MSU professor aims to turn wastewater into drinkable water


 A new water treatment facility is coming to East Lansing. 

The project, spearheaded by Michigan State University professor Dr. Wei Liao will be just south of 1855 Place on campus. The goal of the plant, according to Liao, is to turn wastewater into drinkable water. However, Liao says that goal is not attainable at this moment due to regulations. For now, Liao is focusing on turning sewage water and wastewater into renewable energy by extracting nutrients from food waste and sewage water and converting them into energy. Liao, his team, and MSU will be working with the City of East Lansing to build this facility.

Dr. Wei Liao, Michigan State University professor

Michigan State University

Wei Liao

East Lansing Waste Resource Recovery Facility Superintendent Paul Stokes said that the city is,

“Only providing the location for the equipment and access to the sewage needed to be processed.”

Like most things, the work has been affected by COVID-19, but Liao says the impact is minimal for him, “The project is still going, but a little bit slower for sure because the pandemic. We don’t have the manpower … because we can’t have a lot of our students at this moment.”  Liao said.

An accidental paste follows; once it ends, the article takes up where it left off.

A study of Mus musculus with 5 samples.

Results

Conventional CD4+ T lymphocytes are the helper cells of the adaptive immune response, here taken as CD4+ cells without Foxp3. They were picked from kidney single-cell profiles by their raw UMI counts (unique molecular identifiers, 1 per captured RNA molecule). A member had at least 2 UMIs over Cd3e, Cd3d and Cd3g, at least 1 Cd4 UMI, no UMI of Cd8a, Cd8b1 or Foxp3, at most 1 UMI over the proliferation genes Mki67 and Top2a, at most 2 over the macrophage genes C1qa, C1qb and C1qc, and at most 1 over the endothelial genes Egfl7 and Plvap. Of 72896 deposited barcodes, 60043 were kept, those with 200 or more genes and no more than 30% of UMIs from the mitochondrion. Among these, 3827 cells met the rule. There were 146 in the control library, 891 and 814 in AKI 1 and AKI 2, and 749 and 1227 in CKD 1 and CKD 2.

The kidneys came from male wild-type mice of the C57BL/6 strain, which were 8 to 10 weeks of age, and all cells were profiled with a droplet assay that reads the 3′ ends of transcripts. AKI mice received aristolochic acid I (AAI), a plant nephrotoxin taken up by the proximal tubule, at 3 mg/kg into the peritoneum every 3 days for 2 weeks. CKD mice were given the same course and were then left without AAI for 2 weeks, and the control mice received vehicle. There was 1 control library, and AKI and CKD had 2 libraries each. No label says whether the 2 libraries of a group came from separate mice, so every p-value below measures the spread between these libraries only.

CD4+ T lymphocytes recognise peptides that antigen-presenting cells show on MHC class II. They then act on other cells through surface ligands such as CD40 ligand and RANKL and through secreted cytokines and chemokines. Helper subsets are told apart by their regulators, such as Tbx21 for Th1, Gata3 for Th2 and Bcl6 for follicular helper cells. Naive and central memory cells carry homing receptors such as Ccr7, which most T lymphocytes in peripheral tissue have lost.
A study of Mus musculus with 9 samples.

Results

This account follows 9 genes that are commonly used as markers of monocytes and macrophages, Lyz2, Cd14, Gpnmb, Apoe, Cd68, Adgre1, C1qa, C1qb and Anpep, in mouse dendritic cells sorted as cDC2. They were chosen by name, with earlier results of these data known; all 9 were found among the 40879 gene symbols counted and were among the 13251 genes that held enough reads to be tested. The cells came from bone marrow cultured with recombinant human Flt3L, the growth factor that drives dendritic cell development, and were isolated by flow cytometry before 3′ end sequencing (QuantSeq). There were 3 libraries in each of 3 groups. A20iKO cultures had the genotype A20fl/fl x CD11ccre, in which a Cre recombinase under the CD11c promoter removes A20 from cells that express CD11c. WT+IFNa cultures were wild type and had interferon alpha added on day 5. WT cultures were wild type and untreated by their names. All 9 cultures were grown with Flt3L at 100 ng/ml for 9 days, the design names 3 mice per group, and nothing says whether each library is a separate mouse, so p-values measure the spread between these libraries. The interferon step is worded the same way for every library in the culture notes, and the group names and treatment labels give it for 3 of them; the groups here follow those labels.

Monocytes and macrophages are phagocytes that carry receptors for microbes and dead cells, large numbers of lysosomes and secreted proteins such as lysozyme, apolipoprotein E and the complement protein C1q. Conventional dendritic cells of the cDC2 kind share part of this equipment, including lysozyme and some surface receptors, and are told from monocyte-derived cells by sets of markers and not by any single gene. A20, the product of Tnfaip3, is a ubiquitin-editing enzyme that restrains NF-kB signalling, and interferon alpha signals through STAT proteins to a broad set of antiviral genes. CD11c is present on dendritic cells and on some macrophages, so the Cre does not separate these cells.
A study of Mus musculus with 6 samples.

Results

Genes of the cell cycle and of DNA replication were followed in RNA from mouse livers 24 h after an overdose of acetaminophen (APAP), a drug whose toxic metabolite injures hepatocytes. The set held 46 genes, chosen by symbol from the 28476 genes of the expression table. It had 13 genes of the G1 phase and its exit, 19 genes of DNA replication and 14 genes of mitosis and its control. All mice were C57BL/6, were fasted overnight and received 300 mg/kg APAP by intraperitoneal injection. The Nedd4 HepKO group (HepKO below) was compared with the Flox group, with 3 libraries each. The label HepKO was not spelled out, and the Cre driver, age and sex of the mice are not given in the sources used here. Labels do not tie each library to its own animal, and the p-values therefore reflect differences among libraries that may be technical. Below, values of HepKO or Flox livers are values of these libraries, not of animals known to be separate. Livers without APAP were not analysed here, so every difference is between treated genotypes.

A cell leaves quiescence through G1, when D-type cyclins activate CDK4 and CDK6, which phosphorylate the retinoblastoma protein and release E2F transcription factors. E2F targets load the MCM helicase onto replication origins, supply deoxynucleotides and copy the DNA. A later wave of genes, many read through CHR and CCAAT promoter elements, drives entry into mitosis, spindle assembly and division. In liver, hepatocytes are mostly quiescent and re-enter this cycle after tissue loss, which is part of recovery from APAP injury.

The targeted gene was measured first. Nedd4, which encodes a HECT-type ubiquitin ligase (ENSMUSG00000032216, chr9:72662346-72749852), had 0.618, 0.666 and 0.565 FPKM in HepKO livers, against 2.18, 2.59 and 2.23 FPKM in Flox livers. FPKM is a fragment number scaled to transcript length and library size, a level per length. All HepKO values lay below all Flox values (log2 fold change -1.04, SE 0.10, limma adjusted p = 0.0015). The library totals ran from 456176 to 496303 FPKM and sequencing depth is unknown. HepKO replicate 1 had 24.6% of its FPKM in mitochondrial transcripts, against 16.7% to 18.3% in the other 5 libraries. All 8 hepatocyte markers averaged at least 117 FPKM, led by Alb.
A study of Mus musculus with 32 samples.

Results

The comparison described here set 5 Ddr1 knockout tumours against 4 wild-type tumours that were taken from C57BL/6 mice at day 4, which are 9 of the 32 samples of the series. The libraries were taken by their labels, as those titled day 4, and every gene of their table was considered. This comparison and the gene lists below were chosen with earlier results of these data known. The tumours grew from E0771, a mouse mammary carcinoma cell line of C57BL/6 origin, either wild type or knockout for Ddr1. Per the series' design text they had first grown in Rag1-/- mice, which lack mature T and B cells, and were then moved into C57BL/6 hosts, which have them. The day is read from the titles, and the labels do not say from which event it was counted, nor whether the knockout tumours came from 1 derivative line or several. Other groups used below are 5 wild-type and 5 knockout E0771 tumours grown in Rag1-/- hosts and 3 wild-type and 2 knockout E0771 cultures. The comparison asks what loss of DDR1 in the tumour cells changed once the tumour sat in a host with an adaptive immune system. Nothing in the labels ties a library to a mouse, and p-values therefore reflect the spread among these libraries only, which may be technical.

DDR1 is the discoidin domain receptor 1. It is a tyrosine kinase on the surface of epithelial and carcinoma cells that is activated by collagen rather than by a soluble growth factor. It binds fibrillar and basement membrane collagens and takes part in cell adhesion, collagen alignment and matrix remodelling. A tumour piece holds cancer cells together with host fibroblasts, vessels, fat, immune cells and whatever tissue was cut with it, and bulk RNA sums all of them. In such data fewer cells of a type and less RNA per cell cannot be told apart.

Because of the COVID-19 pandemic, work has been delayed one year, however the work never stopped. Liao says his system will be built by 2022 and testing will be done by 2024. Even then there will still be a lot of work. The hardest of tasks, however, may just be convincing people the water he is producing is safe to drink. Liao says the best way to convince people is to explain to them the technology he is using. 

He talks about using reverse osmosis water which is the typical system most places use to make drinking water. His system mimics this process and makes it faster and more compact. In terms of ensuring the water is safe to drink.

 Liao said, “there are many regulations … just like a typical water treatment plant we need, before we release them and people drink or put in their drinking pipelines. There’s a multistage tasks to ensure the water is clean.”

Despite all this, Liao knows some people will remain skeptical, including his own family. “Even to convince my family on this matter is some difficulty.” Liao also said “I do research.” He said he knows how safe the water is.

MSU and East Lansing are partnering with the U.S. Army to bring this technology to Army bases. Benjamin Thomas, an environmental engineer at the U.S. Army Combat Capabilities Development Command Ground Vehicle Systems Center has said this would benefit both the military and the university. 

Although this facility is on campus, it has different pipelines than the ones that provide Michigan State with its water. The facilities are completely separate. This means the plant will not affect the quality of water on campus. 

Liao says his work and research are revolutionary.